How DACA Impacts Undocumented Students Nationwide

How has the Trump Administration's decision to rescind DACA effected undocumented students?

College campuses are often rife with hostility and isolation for marginalized communities. Students of color, immigrants and first-generation college students struggle to navigate systems that don’t focus on retention and services that cater to them and their complex backgrounds.

In September 2017, President Donald Trump further increased this hostility by rescinding DACA (Deferred Action for Childhood Arrivals), a program enacted by former President Barack Obama which granted work permits for undocumented immigrants who arrived in the United States before the age of 16. A core component of DACA is that it helps thousands of undocumented students access higher education.

Before DACA was enacted, nearly 70,000 students were graduating from high school each year with unimaginable barriers to college. Although some states have passed the DREAM Act, there is not a uniform nationwide policy that allows universities to grant in-state tuition or state financial aid benefits to undocumented students. Additionally, undocumented students are not eligible for federal financial aid, including Pell Grants, making higher education nearly impossible for them to afford. However, with DACA status, several states offer DACA-specific provisions which allow for in-state tuition and other subsidies for undocumented students, making college much more accessible.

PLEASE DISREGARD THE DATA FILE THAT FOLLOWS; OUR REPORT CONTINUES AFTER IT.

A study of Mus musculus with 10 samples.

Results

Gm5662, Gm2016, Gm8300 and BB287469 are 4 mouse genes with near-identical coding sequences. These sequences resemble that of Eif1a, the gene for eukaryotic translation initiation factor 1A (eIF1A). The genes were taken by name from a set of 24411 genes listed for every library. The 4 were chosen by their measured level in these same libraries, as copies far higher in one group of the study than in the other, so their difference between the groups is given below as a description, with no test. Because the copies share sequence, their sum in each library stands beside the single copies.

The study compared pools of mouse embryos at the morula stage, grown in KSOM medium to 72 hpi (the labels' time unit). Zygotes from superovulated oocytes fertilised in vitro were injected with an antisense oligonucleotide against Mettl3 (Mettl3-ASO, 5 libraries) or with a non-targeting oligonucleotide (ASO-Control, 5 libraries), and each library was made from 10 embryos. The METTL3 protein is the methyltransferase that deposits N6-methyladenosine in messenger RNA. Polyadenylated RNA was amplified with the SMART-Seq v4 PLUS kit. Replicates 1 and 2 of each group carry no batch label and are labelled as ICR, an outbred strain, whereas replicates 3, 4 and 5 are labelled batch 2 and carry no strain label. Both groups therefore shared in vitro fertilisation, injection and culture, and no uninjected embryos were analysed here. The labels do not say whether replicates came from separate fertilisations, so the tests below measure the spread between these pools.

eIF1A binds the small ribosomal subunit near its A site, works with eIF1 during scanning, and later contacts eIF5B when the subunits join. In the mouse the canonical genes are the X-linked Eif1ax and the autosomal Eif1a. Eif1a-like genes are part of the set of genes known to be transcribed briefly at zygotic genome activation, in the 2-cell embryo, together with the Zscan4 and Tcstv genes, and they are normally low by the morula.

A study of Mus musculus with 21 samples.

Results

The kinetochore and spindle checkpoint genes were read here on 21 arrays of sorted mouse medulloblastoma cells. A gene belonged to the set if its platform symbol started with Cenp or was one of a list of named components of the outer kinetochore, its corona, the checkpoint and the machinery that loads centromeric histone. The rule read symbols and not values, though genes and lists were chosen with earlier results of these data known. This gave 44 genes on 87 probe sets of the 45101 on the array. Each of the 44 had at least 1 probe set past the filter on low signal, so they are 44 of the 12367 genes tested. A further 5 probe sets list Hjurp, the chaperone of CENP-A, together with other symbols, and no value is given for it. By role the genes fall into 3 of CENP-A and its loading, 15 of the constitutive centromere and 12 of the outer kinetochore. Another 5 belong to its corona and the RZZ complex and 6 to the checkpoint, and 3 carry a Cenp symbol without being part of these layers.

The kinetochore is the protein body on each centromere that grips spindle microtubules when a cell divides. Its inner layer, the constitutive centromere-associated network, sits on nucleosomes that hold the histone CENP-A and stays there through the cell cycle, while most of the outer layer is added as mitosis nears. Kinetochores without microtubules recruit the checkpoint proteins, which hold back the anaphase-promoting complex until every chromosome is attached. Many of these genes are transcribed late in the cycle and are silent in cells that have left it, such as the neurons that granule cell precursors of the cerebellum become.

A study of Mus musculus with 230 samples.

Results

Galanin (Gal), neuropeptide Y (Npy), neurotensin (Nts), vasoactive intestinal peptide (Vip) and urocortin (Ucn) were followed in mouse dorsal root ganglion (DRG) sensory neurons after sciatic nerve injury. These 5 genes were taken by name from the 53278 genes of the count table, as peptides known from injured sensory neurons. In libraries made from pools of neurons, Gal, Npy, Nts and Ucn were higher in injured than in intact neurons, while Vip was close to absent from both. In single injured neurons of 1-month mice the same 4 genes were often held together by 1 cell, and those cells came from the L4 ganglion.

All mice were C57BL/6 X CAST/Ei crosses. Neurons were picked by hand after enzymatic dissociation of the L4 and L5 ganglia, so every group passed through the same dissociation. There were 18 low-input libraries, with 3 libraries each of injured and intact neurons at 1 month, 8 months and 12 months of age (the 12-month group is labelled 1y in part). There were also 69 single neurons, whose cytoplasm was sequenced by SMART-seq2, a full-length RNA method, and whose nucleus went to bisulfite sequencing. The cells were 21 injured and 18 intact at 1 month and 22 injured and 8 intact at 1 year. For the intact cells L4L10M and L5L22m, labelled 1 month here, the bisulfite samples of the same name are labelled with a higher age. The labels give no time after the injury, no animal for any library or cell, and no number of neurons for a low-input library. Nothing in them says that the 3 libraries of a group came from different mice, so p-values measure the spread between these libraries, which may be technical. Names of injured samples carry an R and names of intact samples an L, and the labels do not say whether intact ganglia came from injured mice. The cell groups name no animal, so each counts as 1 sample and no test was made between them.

Now that DACA is rescinded, undocumented students are impacted in various ways. Primarily, they’re now subject to deportation. Secondly, recipients in the several states that do include DACA-specific provisions could lose access to their tuition subsidies and even some college-enrollment opportunities.

They are impacted socially and emotionally, mainly due to the fact that they are now facing uncertain prospects after graduation. For these students, college now feels like a dead-end if they are unable to work upon graduating. Moreover, the national conversation around DACA recipients often focuses on criminalizing their parents or lamenting over the economic impacts this will have on the country – grossly oversimplifying such a complex issue by continuing to strip DACA recipients and undocumented immigrants of their humanity.

Many undocumented students relied on their DACA work permits to pay for the costs associated with higher education, and if they can no longer work their way through school, they will not be able to make ends meet. The repeal of DACA could also cause a decline in enrollment among prospective students who are having a hard time envisioning the benefits of college if they’re unable to join the workforce after graduation, greatly limiting their life choices.

The future of thousands of students hangs in the balance while Republicans and Democrats decide if they’re going to enact laws that create paths to citizenship for undocumented immigrants. The push for a nationwide DREAM Act is in full swing following Trump’s decision to rescind DACA. On Nov. 9, nationwide walkouts swept the country to urge Congress to pass a clean version of the DREAM Act by Dec. 15. Follow organizations such as United We Dream and #HERETOSTAY to stay involved in the fight for a national DREAM Act.